Name: Debbie Antosiewic
How long have you been a volunteer?
What areas do you work in/what sort of tasks do you do?
Home care and she just signed up for spiritual care. Has helped with Tree of Life, makes fleece blankets for the We Honor Veterans program, makes prayer shawls, and helps with mailings.
What made you decide to become a volunteer?
A friend of mine asked me to watch her daughter while she went for volunteer classes, and when she got done that was kind of right at the beginning of hospice being in Livonia and the beginning of the building and stuff, so it had been in the paper quite a bit, and it sounded really interesting.
When she got done I said, “That sounds pretty cool.” Then I went for volunteer classes and I’ve been hooked ever since. I’ve been through a lot of life changes but Angela Hospice has always been at the heart of it. I’ve always felt something was wrong if I was inactive for a while and it’s like there was something missing from my life.
Why Angela Hospice?
Here, I have a lot of respect for the way things are run and I’m amazed at the volunteers. There are just so many beautiful people, giving freely of their time and talents.
This is when I’m most close to God. When I go visit somebody at home I usually pray the whole time that I’m going there to the Holy Spirit and I say, “I’ll stay out of your way. You say the words that need to be said, or listen. Do what needs to be done.” That’s what I get out of it. I feel extremely close to God when I’m doing this because obviously, it’s not any of my qualifications that are in the room. He’s helping his children and I’m just using my hands.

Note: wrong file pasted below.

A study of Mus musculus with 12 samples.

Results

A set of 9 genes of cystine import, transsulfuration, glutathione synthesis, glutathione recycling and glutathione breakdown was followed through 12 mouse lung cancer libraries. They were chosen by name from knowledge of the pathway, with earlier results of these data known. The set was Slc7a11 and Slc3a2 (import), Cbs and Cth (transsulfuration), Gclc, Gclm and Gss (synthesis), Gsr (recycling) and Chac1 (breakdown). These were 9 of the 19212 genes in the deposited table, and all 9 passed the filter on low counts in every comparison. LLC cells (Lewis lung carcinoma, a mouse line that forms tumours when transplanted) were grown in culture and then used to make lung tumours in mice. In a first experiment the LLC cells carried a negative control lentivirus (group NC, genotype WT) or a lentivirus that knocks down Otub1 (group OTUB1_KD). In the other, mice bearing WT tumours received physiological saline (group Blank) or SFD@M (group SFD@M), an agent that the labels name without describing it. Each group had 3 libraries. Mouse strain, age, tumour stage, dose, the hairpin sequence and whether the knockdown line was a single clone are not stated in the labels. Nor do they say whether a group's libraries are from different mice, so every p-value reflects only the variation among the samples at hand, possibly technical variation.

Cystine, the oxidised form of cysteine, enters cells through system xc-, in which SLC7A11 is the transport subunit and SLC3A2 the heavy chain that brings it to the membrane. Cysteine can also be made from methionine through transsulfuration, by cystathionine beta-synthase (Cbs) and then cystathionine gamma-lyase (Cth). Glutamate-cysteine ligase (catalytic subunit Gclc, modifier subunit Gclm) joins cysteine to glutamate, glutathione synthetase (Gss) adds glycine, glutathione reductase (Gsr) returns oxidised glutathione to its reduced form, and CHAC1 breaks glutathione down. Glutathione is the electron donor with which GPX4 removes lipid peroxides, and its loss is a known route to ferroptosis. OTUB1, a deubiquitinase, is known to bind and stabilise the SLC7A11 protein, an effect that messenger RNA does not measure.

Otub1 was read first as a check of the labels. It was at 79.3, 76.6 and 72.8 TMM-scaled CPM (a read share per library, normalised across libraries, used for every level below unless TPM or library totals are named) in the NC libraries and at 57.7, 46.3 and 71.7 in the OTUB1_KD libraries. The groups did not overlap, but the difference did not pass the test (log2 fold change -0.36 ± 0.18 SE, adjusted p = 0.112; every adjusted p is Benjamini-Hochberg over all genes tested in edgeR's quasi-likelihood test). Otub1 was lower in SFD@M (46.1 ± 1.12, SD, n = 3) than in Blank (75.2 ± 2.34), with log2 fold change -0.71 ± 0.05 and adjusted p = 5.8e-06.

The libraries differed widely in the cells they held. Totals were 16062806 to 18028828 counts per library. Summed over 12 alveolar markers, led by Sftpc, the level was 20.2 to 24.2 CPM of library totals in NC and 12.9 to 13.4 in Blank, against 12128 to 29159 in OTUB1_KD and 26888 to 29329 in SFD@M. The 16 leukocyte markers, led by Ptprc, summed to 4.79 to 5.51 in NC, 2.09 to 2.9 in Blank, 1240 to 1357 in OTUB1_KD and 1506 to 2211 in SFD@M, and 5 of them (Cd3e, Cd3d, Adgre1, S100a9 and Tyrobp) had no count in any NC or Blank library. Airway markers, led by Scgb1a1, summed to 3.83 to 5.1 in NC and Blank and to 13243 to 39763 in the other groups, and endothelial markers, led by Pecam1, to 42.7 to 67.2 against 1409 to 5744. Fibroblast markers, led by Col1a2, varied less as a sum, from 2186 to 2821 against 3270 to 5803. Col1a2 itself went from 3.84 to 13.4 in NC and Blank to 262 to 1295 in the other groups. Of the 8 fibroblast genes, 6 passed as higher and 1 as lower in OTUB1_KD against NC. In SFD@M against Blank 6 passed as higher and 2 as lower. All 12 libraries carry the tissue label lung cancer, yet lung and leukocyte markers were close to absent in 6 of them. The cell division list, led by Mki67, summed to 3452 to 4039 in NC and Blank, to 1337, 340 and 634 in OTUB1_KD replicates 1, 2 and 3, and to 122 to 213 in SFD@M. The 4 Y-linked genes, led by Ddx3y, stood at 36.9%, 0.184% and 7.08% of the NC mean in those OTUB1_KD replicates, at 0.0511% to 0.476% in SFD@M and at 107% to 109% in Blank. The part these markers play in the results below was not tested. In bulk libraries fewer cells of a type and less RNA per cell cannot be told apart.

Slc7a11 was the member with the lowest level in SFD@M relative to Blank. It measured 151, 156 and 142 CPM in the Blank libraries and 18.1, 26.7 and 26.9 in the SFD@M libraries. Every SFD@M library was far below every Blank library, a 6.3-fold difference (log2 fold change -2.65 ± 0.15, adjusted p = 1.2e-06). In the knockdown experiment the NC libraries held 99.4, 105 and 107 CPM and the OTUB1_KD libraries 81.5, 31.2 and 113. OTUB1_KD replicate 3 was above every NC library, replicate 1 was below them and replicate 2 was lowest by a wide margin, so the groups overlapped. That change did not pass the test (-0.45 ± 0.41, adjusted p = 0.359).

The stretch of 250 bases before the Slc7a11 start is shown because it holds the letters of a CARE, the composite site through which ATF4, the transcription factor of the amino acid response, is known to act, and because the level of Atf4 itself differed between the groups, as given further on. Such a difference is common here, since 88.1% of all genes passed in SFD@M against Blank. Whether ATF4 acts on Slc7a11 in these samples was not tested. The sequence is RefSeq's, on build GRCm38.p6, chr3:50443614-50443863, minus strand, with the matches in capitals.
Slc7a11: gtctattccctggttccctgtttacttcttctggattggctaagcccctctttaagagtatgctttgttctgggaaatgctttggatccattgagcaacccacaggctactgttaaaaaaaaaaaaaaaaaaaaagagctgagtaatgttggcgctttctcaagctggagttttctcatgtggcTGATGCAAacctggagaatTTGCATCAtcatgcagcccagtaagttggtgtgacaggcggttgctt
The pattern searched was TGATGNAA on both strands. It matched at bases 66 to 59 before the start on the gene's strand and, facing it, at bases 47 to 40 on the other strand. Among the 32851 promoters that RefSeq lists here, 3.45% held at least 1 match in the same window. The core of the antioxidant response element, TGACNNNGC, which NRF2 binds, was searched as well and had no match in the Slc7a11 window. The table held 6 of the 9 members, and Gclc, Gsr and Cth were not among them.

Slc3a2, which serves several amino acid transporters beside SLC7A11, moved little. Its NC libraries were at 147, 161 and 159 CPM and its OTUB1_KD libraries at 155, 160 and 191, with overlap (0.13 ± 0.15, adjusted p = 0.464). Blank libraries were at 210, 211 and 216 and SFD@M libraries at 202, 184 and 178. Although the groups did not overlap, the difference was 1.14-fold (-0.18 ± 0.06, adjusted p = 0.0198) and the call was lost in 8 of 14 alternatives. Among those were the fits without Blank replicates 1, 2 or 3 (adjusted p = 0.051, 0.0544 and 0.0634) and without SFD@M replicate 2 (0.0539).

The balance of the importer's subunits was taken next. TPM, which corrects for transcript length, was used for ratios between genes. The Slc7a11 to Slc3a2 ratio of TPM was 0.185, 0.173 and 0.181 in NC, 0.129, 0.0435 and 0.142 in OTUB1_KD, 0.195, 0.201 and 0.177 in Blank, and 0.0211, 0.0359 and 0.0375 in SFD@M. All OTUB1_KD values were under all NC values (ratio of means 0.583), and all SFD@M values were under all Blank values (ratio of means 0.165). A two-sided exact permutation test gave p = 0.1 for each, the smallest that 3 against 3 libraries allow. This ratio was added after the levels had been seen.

What is one of your favorite stories or memories from volunteering?
This lady has ALS and she can just move up one finger so that she can still use the computer and I have to help her to eat. She can’t speak, and still, she has a beautiful smile. She can’t move out of her wheelchair and I’ll come in and she’ll take the time to tap out with her one finger on her keyboard something like, “Wow, I like your blouse.” She can still give to others even though she’s in this place in her life where she’s had so much taken. This person has made me especially aware how everybody has a gift.
Our gift is so little. We actually are doing very little and it means so much to them.
I have to say another favorite is when you do Tree of Life, if I didn’t do it for a few years and then I did it, it’s like this is why you do this, because people would tell you their stories and they are just in a mall, getting their Christmas shopping done. And I’ve had several times where it’s been a guy that came behind the table and sat down in the empty chair and just went on and on [about his experience].
I’m always thinking I know Angela Hospice contacted you 20 times to see if you needed grief support, somebody to talk to, and you’ve probably said, “No, I’m fine.” Then they sit down at Tree of Life and they just tell you their story.
I guess the beauty I see is the families that reconcile and siblings that haven’t talked to each other in years that come together, especially in the chapel here. It’s like families get together that probably haven’t been to church in 20 years and they will still come because mom asked them to and she’s dying. It seems like it would be a sad place here and it’s not, at all. You hear families laughing and eating their soup together and it’s just like: this is the beauty of Angela Hospice. Even though something tragic is going on, this is the quality of life that we all should be having and it’s beautiful to experience.